I got a call from a contractor who was in a panic. His backhoe had damaged the trunk and root system of this poor Monterey Pine. A concerned neighbor had alerted the department of urban forestry. They in turn did an inspection of the work site and determined that the tree was a hazard and must be removed. This contractor wanted me to reinspect the tree and see if there was a possibility that the tree could be saved.
Despite the lean, the damage, the prevalent high winds, and the giant hole in the ground I thought with a some reduction in wind sail the tree would probably make it. I made the contractor promise that the backhoe would be removed immediately. I also said that I would do a more thorough inspection of the roots and clear away the root crown and buried surface roots. If I were to discover large, damaged or cut roots, especially on opposite side of the lean then I would stop work and advise removal. My friends at the Dept of Urban Forestry backed me up as long as the owner would take full liability.
The next day I returned to the site, prepared to excavate and remove some large limbs. The backhoe was still on site and still digging. There was now several more yards of dirt on top of the root zone. The neighbor showed up too. He pointed out exactly how much dirt had been removed. He was very concerned.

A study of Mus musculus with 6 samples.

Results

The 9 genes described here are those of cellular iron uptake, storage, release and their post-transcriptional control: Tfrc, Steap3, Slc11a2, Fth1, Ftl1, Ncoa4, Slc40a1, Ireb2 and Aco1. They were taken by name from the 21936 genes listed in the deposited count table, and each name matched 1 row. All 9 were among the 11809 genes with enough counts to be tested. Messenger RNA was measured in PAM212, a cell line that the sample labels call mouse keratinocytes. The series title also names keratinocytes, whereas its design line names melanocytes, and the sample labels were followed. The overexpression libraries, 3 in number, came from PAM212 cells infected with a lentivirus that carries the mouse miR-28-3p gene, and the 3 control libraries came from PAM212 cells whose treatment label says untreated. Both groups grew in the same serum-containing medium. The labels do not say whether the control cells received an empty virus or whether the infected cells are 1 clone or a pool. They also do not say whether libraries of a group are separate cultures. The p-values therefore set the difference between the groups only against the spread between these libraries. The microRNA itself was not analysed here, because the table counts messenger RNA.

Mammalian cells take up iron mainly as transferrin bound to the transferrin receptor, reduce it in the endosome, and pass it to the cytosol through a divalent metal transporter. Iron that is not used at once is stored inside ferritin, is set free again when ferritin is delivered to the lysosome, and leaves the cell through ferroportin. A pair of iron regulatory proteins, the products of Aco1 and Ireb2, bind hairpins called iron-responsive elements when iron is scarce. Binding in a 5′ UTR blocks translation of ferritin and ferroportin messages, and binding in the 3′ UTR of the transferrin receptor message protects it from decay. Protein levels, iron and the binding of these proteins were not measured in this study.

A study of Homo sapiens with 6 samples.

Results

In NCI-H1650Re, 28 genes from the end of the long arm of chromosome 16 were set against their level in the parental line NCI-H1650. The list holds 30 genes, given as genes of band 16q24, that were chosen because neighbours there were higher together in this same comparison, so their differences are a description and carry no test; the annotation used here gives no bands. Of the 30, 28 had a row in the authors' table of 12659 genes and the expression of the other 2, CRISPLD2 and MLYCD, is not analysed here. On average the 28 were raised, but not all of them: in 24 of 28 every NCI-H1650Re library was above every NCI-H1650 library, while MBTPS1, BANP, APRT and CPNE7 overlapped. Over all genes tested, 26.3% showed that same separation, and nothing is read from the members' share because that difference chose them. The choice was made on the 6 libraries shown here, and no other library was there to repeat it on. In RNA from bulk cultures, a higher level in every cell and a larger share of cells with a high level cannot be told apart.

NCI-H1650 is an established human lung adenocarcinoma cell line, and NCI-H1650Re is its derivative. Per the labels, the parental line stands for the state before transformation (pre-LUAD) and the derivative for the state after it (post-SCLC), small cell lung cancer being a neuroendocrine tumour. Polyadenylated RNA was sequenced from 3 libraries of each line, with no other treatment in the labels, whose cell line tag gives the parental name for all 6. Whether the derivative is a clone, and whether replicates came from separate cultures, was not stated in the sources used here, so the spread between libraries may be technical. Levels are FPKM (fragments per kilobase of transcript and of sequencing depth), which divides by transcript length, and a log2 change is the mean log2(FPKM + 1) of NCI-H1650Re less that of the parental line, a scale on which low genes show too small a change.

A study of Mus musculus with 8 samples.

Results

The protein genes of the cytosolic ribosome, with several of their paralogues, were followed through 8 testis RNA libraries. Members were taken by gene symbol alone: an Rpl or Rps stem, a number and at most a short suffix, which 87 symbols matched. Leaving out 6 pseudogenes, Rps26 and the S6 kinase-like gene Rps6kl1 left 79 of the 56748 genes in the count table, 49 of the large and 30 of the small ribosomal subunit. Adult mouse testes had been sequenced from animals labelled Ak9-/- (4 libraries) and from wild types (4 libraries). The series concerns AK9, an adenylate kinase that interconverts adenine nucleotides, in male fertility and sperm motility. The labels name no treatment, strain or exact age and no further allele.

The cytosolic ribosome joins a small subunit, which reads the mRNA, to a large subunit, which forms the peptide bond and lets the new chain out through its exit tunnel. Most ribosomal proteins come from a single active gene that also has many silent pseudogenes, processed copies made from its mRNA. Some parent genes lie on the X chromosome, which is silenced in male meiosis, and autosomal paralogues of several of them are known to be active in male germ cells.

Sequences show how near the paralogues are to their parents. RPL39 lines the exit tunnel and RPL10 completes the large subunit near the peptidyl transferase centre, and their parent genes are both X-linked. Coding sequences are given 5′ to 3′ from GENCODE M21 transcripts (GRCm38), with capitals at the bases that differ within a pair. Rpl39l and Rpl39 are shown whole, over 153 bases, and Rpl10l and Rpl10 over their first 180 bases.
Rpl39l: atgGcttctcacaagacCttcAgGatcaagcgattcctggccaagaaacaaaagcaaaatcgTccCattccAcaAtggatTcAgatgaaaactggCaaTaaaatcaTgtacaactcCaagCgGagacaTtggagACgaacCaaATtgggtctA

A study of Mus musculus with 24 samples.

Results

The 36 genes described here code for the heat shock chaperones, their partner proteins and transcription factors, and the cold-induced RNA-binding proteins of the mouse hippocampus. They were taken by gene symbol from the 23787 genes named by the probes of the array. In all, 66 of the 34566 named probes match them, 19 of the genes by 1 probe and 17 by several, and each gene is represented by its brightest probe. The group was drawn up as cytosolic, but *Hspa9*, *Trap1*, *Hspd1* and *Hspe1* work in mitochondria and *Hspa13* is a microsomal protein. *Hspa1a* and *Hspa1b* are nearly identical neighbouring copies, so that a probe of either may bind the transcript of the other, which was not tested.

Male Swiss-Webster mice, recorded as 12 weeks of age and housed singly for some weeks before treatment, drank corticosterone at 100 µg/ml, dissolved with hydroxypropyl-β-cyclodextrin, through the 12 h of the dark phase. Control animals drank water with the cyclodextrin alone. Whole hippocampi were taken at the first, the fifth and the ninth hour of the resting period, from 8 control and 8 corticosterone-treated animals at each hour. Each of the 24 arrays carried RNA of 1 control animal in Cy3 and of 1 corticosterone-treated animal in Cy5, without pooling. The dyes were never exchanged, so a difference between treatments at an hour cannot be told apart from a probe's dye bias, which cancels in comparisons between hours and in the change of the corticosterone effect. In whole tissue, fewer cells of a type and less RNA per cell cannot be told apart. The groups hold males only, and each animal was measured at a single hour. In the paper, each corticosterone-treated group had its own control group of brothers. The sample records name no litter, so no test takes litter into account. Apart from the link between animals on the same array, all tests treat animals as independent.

Then I looked at the neighbor’s house. And that’s when I realized that the tree actually blocked his view. At this point I am starting to wonder what is really at stake.
I called the contractor. I told him I didn’t want to be in the middle. It seemed that too many people wanted too many different results. I said I wanted to break my ties and that I wouldn’t write a report verifying that the tree could be saved. I didn’t want to be the fall guy. hehehe
He asked if there was anything he could do for me to make me change my mind. Was that a bribe? I told him that next time he should consult an arborist BEFORE he does construction in the vecinity of a large tree.